On average, Americans die sooner and experience higher rates of disease and injury than do people in other high-income countries, according to a new report from the National Research Council and the Institute of Medicine. The report finds that this health disadvantage exists at all ages from birth to age 75 and that even advantaged Americans &mdas; those who have health insurance, college educations, higher incomes, and healthy behaviors &mdas; appear to be sicker than their peers in other major nations.
The report is the first comprehensive look at multiple diseases, injuries, and behaviors across the entire life span, comparing the U.S. with 16 peer nations &mdas; affluent democracies that include Australia, Canada, Japan, and many western European countries. Among these countries, the U.S. is at or near the bottom in nine key areas of health: infant mortality and low birth weight; injuries and homicides; teenage pregnancies and sexually transmitted infections; prevalence of HIV and AIDS; drug-related deaths; obesity and diabetes; heart disease; chronic lung disease; and disability.
Many of these health conditions disproportionately affect children and adolescents, the report says. For decades, the U.S. has had the highest infant mortality rate of any high-income country, and it also ranks poorly for premature births and for the proportion of children who live to age 5. U.S. adolescents have higher rates of death from traffic accidents and homicide, the highest rates of teenage pregnancy, and are more likely to acquire sexually transmitted infections. Nearly two-thirds of the difference in life expectancy between men in the U.S. and those in other countries can be attributed to deaths before age 50.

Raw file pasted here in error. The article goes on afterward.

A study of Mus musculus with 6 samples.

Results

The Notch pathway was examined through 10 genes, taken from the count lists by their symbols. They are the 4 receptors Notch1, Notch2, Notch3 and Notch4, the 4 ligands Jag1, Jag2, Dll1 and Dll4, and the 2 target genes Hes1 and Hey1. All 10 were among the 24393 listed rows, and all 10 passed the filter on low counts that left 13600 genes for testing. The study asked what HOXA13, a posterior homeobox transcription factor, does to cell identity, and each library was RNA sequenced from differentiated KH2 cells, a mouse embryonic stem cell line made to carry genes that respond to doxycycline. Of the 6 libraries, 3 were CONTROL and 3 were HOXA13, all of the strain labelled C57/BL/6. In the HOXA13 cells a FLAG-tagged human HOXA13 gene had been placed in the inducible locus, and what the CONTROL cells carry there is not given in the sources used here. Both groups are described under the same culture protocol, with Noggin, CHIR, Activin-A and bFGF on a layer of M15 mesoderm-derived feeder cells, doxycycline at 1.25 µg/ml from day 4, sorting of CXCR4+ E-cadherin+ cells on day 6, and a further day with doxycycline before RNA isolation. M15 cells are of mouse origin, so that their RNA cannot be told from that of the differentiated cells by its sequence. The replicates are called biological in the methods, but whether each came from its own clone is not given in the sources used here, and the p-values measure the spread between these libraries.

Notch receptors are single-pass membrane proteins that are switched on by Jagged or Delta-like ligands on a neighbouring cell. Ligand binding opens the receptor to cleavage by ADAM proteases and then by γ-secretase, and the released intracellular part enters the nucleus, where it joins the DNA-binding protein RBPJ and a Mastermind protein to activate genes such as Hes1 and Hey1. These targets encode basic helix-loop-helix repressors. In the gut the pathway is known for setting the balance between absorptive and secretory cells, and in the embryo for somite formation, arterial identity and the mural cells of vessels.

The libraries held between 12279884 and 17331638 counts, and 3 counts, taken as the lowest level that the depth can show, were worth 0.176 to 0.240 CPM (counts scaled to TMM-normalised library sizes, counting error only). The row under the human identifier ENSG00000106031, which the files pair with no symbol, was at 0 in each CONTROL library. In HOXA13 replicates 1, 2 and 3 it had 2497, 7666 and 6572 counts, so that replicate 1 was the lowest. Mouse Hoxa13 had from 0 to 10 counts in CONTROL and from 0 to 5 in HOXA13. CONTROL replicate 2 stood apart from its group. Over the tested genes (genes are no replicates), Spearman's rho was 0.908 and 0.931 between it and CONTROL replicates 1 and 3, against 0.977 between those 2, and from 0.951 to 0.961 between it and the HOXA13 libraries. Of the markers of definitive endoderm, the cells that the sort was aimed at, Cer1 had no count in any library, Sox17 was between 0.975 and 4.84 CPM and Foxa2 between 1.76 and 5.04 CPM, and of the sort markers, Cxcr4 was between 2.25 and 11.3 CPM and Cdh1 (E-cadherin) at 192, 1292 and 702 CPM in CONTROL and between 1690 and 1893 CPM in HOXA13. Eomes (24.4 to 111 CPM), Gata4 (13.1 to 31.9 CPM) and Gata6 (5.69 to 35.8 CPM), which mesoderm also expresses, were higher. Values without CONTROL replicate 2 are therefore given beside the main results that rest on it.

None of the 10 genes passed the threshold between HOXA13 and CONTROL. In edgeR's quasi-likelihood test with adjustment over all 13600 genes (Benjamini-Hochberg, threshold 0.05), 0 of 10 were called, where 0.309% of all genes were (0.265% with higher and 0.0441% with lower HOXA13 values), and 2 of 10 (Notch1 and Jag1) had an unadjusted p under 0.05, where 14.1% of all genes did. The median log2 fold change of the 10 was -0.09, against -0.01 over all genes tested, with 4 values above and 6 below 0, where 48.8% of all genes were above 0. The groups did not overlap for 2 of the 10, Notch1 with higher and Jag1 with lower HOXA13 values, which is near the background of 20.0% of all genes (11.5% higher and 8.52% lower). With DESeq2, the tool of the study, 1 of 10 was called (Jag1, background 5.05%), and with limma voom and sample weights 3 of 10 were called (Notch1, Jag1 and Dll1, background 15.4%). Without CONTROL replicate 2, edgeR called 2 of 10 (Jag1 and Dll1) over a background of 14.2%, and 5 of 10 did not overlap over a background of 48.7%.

This health disadvantage exists even though the U.S. spends more per capita on health care than any other nation. Although documented flaws in the healthcare system may contribute to poorer health, the panel concluded that many factors are responsible for the nation's health disadvantage.
The panel did find that the U.S. outperforms its peers in some areas of health and health-related behavior. People in the U.S. over age 75 live longer, and Americans have lower death rates from stroke and cancer, better control of blood pressure and cholesterol levels, and lower rates of smoking.
The report examines the role of underlying social values and public policies in understanding why the U.S. is outranked by other nations on both health outcomes and the conditions that affect health. For example, Americans are more likely to engage in certain unhealthy behaviors, from heavy caloric intake to activities that increase the risk of fatal injuries, the report says.
The document’s authors call for a comprehensive outreach campaign to alert the American public about the U.S. health disadvantage and to stimulate a national discussion about its implications. In parallel, the authors recommend data collection and research to better understand the factors responsible for the U.S. disadvantage and to formulate potential solutions, including lessons that can be learned from other countries.
Source: National Research Council; January 9, 2013.